Rugby

England wreck Ireland’s Grand Slam dreams with last-gasp win at Twickenham

Marcus Smith slotted the decisive drop-goal after the 80-minute mark.

Marcus Smith kicks the winning drop goal for England
Marcus Smith kicks the winning drop goal for England against Ireland Marcus Smith kicks the winning drop goal for England (Mike Egerton/PA)

Marcus Smith’s stoppage-time drop goal rewarded England’s standout performance of the Steve Borthwick era as the Guinness Six Nations title race was taken to the final weekend with a 23-22 victory over Ireland.

Smith, making his first appearance of the tournament after recovering from a calf injury, struck in the final act of the game to deny Ireland back-to-back Grand Slams on an afternoon of high drama at Twickenham.

Watched from the stands by former captain Owen Farrell, England’s attack finally ignited as Ollie Lawrence, George Furbank and Ben Earl plundered tries to topple opponents who had been installed by bookmakers as staggering 1/5 favourites to win.

The Achilles heel of failing to capitalise on visits to the 22 appeared to be harming them once again and their 8-6 lead was a poor return for half an hour of dominance that produced just a single try for Lawrence.

But they were inspired in the closing stages, soaking up James Lowe’s 72nd-minute try that appeared to have snatched the win for Ireland and then striking through Smith amid a late do-or-die assault.

England dazzled from the start and their first try had Furbank’s influence stamped all over it as he launched the counter-attack and then helped flash the ball to Lawrence, who finished in the left corner.

The early score developed into a full-scale onslaught as inspired England poured forward, directed by George Ford and with Earl, Ollie Chessum and full debutant Immanuel Feyi-Waboso making telling contributions.

Ollie Lawrence somersaults over for England’s opening try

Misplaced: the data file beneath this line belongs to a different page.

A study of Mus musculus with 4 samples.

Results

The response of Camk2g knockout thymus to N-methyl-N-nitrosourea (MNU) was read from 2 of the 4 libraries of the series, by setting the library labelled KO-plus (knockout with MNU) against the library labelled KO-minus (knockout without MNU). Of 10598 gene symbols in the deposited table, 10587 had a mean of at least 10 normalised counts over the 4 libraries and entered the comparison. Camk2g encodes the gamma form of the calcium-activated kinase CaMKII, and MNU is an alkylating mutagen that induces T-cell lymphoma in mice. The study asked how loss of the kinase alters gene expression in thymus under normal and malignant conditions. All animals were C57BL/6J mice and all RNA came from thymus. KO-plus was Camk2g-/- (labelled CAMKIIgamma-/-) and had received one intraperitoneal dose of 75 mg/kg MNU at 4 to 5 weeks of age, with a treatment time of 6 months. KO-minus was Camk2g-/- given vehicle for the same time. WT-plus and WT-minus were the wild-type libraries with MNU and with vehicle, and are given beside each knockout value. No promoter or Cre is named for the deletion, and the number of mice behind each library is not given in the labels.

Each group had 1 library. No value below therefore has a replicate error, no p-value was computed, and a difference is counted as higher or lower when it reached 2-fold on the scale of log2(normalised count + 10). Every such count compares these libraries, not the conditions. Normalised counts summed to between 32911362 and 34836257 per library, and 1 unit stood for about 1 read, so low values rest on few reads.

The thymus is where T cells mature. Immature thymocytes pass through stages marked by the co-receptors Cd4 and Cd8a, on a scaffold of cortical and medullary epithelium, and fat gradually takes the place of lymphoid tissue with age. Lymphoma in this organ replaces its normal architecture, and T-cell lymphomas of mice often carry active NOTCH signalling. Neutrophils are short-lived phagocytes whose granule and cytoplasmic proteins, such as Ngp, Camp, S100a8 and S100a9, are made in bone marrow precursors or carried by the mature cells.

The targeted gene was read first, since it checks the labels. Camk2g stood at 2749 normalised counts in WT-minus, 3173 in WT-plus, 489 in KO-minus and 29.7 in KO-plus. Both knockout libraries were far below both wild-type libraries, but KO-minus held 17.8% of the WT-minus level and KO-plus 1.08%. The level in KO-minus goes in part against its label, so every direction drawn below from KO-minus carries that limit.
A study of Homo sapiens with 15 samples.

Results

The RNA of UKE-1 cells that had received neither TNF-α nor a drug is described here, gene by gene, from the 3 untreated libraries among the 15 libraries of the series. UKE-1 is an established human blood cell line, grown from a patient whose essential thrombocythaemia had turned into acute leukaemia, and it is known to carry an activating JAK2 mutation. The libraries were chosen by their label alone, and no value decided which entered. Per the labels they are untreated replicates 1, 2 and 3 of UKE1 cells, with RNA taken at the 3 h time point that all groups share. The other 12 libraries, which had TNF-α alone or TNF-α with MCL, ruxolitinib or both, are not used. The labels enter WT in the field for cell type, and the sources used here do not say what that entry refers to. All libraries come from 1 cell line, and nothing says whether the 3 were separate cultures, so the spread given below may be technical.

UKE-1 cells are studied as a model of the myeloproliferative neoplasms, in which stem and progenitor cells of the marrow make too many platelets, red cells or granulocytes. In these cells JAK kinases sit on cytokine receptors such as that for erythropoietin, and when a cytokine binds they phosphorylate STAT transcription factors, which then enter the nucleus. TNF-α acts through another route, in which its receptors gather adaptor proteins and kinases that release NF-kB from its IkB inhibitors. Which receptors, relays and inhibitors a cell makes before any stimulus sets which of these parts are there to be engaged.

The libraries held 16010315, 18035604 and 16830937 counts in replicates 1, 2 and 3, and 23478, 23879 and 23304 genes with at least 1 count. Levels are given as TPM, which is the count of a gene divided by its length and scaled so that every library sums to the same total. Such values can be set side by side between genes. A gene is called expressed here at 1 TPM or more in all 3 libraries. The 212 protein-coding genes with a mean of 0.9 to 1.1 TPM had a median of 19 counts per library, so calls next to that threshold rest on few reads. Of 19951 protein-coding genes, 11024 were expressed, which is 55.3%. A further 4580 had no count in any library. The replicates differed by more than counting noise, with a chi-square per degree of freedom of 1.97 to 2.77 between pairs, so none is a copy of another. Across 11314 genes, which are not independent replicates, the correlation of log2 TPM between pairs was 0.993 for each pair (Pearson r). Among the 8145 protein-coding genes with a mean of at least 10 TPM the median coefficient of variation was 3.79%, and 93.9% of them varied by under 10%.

Ollie Lawrence somersaults over for England's opening try Ollie Lawrence somersaults over for England’s opening try (Mike Egerton/PA)

Bundee Aki made ground with every carry as Ireland’s main weapon but he was swimming against the tide as the white shirts pressed again and a second Lawrence try was ruled out because of a knock-on.

The crippling handling errors and turnovers that led to Scotland retaining the Calcutta Cup in round three had vanished, replaced by players running hard on to flat passes and punching holes in the visiting defence.

Yet for all the hosts’ dominance, successive Jack Crowley penalties meant they trailed 9-8 and as Ireland produced their first sustained attack the fly-half landed a fourth shot from the tee.

England were guilty of inviting pressure when Ford missed a routine penalty and Furbank took the ball into touch, but when their line were breached for the first time in the 44th minute it was because of their opponents’ killer instinct by exploiting Henry Slade’s positioning in the blitz defence to conjure a try for Lowe.

James Lowe, right, scores for Ireland
James Lowe, right, scores for Ireland James Lowe, right, scores for Ireland (David Davies/PA)

Furbank hit back quickly by racing over in the left corner after slick approach work from his team-mates and suddenly the pendulum swung again.

Ireland captain Peter O’Mahony was sent to the sin-bin for hands in the ruck and England seized their chance, battering away at the green wall through route one until Earl forced his way over.

Marcus Smith replaced George Ford and Danny Care came on for his 100th cap but the Harlequins fly-half was unable to stop Lowe with his despairing late tackle attempt as Ireland crept back in front.

Elliot Daly missed with a long-range penalty attempt but there was still time for England to conjure the win, Smith splitting the posts after his team had battered away at the whitewash.